Our communities are realizing the importance of education through the transformative change that is happening where children complete their education and have careers that give back to society.
Interview with Jackline Mbaire
Kiswahili Language Teacher
Chyulu Hills, Kenya
Q: Can you tell us about the challenges of access to education in your community?
A: There are many challenges of access to education in my community, one major one being the lack of enough teachers through government funding. The REDD+ Carbon project and its partners have improved the student-teacher ratio by employing more teachers such as myself, which has made a big difference in providing quality education to students living in the project area.
Another challenge our community faces is school dropouts due to economic hardships where parents cannot afford to take their children to school. Marginalized areas where children walk for long distances to access school is another challenge. To avoid human-wildlife conflict, children have to wake up extremely early in the morning to walk to school safely.
We also have a challenge with drought, as pastoralists migrate from one area to another in search of pasture. This leads to children missing school, especially young boys as they migrate with livestock and return when the rains are back. The drought has also caused children to miss out on school due to a lack of food both at their homesteads and at school.
Q: What role does the REDD+ project play in helping students attend school?
The Chyulu Hills REDD+ Carbon Project has been very keen on the education sector to improve the quality and access to education in our communities. In the ongoing drought, the project has sustained the children in schools by a feeding program that has helped in keeping all the children in school.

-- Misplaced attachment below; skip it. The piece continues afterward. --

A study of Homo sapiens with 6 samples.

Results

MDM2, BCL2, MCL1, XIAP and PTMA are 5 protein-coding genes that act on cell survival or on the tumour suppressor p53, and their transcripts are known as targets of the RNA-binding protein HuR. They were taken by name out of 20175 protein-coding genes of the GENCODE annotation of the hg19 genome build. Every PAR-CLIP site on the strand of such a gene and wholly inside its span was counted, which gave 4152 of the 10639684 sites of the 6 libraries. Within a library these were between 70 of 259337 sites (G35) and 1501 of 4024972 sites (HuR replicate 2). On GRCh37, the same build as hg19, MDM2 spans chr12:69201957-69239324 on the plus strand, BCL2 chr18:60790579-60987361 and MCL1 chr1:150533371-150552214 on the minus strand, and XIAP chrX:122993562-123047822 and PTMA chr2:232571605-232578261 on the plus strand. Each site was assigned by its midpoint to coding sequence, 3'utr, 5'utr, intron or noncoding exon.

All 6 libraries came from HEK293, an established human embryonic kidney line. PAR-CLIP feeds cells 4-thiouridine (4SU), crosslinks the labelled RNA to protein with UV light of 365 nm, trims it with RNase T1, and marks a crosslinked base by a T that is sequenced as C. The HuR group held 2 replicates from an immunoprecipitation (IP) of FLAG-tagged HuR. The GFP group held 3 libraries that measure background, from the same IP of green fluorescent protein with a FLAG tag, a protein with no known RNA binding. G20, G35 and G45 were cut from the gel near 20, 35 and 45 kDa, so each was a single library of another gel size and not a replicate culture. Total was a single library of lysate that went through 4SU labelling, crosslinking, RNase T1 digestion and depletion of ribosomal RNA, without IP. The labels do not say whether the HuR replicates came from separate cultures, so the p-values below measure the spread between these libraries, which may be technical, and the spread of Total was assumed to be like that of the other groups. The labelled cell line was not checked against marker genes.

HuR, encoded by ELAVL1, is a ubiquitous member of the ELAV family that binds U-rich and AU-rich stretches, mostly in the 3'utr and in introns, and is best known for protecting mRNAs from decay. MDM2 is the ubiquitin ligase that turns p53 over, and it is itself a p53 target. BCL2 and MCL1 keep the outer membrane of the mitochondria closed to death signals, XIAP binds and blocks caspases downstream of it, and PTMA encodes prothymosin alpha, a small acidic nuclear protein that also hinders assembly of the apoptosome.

The project has also improved infrastructure and learning conditions through the construction of classrooms, teachers’ quarters, latrines, improved lighting, etc. It has employed teachers, provided bursaries for students in need as well as provided sustainable menstrual solutions for girls and sexual health awareness for boys and girls to increase awareness on the matter of reducing early teenage pregnancies.
Q: Why do you think this is important?
A: I think this is important because, in marginalized communities like the one that I come from, the community is realizing the importance of education through the transformative change that is happening where children complete their education and have careers that give back to society. Programs that help keep girls in schools help parents realize girls should have an education rather than early marriage. Additionally, the project has helped reduce the economic burden experienced by parents during drought seasons. Since 2018 we have seen a significant improvement in the transition of learners from primary to secondary level.
Q: What is your hope for the youth in your community?
A: I hope that we will have more educated youth as parents have started embracing education, children love being in school, and teachers are motivated because of the support from the Carbon project. With regular outreaches and awareness of the environment through the project, I hope there will be a behaviour change where youth will be more conscious of their environment and feel motivated to take care of it.